Keeping A Secret

I wrote ‘Keeping a Secret’ after doing a bit of research into coding information into human DNA for another project. I’m writing a short story that I would like to submit to the BBC’s Short Story Competition, and I stumbled across this new article.

It was the last line that really brought this story into view. I read that and thought, ‘Damn, that’d make an excellent story.’


053 – Keeping A Secret

“Well now,” the gang leader said. “I think you have some explaining to do.”

Like a shark circling its prey, Dragon Head Liu moved into my field of vision. We were in the only lit part of the warehouse, a circle of light shed by the single bare bulb that showed me little more than the Triad leader’s massive shadow. Other figures waited just beyond the light. I could hear them breathing, moving around. There was some sort of incense burning, sickly-sweet.

I moistened my cracked lips, tasting blood from where his ring had struck me. “I have the information you sent me for.”

“Give it to me.” His voice was deep, heavily accented.

“It’s safe. Secure.”


“Encoded into my skin.” I held my breath. Would they believe me?

The Dragon Head moved to the edge of the light, and I heard whispers being exchanged. I looked around, squinting my eyes against the glare. Motes of dust floated down from the ceiling, high above, to mingle with the detritus on the floor. The chair I was sat on was metal and bolted to the floor, and the rope knotted tightly round my wrists was coarse. The Dragon’s jade-coloured robes were detailed with an exquisite gold serpent, its scales picked out in thread that shimmered in rainbow hues as he gestured. Urban legend held that the embroidery was impregnated with Rainbow Dust, the drug they peddled, and that merely touching his robe was enough to send you spiralling into a drug-fugue. The Dragon Head moved towards me, eclipsing the light again. He folded his arms. “Explain.”

“You said my daughter would be released if I gave you the information,” I said. “Where is she?”

“She is safe. Secure.”

“The information will begin to degrade if you wait much longer, so-“

“Explain!” the Dragon Head growled. “Quickly.”

I shook my head. What did it matter, as long as she was safe? “Oceanic Holding’s labs are impregnable. They check your bags going in. Sweep you for weapons, but also for recording devices. No portable media devices are allowed onsite. The whole place is wired like a Faraday cage. Only internally-linked softscreens work there, and every bit of information going in or coming out is checked by a dumb-AI. Keeping a secret there is easy, but getting one out is almost impossible.

“Luckily, I have a friend in one of the research labs, someone I trust. Bioclay as a storage medium is a thing now. He recalibrated the lasers to encode the information into the top layer of my skin, bonding it with the structure of the DNA on part of my body. You can use the read/write laser on any home holoprojector, and the imaging software will do the rest.”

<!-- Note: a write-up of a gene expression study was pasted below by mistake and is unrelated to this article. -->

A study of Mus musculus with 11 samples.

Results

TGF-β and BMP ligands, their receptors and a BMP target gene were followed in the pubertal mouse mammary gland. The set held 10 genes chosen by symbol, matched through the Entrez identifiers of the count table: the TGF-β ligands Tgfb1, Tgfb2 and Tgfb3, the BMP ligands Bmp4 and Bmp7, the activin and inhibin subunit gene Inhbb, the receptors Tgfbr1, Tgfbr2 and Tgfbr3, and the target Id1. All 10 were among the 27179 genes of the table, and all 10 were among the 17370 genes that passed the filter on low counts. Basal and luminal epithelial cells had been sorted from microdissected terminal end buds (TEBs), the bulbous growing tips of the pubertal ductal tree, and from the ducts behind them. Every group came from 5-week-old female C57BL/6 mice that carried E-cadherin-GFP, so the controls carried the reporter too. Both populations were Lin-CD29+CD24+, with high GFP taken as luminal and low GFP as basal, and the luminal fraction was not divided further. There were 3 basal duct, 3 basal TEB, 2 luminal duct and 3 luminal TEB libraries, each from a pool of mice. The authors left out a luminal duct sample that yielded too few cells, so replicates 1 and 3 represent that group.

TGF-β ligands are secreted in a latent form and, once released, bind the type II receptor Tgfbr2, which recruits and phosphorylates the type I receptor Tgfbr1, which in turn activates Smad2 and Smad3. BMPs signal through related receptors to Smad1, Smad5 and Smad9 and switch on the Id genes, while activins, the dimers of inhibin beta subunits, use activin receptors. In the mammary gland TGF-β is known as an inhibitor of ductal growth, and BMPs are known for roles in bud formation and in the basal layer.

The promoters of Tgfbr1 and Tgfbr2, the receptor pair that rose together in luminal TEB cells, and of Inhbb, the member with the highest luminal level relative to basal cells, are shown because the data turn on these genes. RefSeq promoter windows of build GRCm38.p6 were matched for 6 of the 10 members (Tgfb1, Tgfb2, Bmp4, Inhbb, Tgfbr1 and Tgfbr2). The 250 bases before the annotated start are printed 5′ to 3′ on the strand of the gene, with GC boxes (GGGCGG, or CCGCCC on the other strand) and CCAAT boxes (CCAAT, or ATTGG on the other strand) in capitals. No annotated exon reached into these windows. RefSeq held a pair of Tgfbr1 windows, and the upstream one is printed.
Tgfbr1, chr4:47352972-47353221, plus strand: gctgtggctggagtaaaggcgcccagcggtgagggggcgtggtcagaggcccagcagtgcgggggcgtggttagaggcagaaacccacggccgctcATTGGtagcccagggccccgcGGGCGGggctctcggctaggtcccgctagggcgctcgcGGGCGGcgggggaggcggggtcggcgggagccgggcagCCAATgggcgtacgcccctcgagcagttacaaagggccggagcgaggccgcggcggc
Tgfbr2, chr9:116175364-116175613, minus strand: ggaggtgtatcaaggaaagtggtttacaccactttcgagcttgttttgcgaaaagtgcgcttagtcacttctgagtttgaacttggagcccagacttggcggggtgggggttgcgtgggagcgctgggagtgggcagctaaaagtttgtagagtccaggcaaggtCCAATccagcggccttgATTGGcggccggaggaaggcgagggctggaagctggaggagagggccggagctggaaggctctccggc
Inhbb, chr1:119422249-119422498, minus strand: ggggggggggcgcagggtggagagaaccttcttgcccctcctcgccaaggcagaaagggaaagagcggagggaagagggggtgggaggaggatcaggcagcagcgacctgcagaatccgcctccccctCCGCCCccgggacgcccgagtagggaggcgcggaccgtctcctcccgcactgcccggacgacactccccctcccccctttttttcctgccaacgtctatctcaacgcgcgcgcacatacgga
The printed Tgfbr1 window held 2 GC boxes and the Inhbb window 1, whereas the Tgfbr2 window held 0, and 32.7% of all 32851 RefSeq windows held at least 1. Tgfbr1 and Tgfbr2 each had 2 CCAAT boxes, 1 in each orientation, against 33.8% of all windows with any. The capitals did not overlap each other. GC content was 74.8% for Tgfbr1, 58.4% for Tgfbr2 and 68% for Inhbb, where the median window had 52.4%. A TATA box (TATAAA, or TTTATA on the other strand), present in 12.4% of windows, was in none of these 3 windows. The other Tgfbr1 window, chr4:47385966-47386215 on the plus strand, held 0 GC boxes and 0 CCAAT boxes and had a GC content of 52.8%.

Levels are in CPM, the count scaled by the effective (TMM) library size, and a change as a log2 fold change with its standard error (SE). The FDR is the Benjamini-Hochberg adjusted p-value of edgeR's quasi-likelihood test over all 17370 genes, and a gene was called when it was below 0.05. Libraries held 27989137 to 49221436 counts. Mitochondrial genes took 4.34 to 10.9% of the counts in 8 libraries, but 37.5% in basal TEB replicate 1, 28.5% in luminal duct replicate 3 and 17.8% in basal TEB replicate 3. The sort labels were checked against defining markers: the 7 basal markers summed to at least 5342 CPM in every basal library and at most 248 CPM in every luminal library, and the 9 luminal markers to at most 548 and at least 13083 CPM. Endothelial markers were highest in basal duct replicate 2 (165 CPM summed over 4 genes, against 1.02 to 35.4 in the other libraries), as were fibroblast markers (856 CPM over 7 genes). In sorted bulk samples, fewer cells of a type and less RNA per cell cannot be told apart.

The Dragon began to circle the chair again. “Which part of your body has the information?”

“Release my daughter and I’ll tell you.”

“You are not in a position to make deals, Mr Corporate Spy. Tell me, or we will skin you and find the information ourselves.”

I looked around desperately, hoping that the PO were going to storm the place, that a lone hero was making his move even now. That was how it happened in the movies. But the holos didn’t put across the stale smell of fear-sweat, or the musty smell of the antagonist’s breath, or the sudden, desperate urge to void my bowels.

“Left arm. It’s at the top of my left arm. There’s a small tattoo of a circle, it’s right under that.”

The Dragon grunted and moved to one side, and I breathed out shakily. Then he was back, the unmistakable shine of a large knife in his hand.

“Wait, what are you doing?” I said, cringing backwards. “I just told you the information is there. Below the tattoo!”

He reached forward, placing a hand on my arm, and began to use the knife to cut around the shoulder stitching of my shirt. The blade cut through the cotton like it wasn’t there, and the shirt arm fluttered to the floor.

“Just here?” the Dragon said, placing the tip of the knife on the tattoo.

“Yes, but you can read it with a laser!” I said, my breath coming in short gasps. “You don’t need to cut it out!” The knife-point slid in, an icy shard of pain. “No!” I shouted, a sudden flash of inspiration striking me. “You might damage the data! Don’t cut it out!”

The Dragon withdrew the knife. “This is true,” he said, moving out of the light again. I slumped against the chair’s back, sobbing in relief. I hadn’t cried since I was in school, but now hot tears ran down my face and I tasted salt as I convulsively licked my lips. Then the Dragon walked back into the light, carrying a meat cleaver. My breath came in tiny gasps as he looked down its length, as though testing it for straightness. “Thank you for the suggestion,” he said, moving forward. As he eclipsed the light, I screamed, drew breath, screamed again and again and again, the sound echoing in the darkness, futile and short-lived.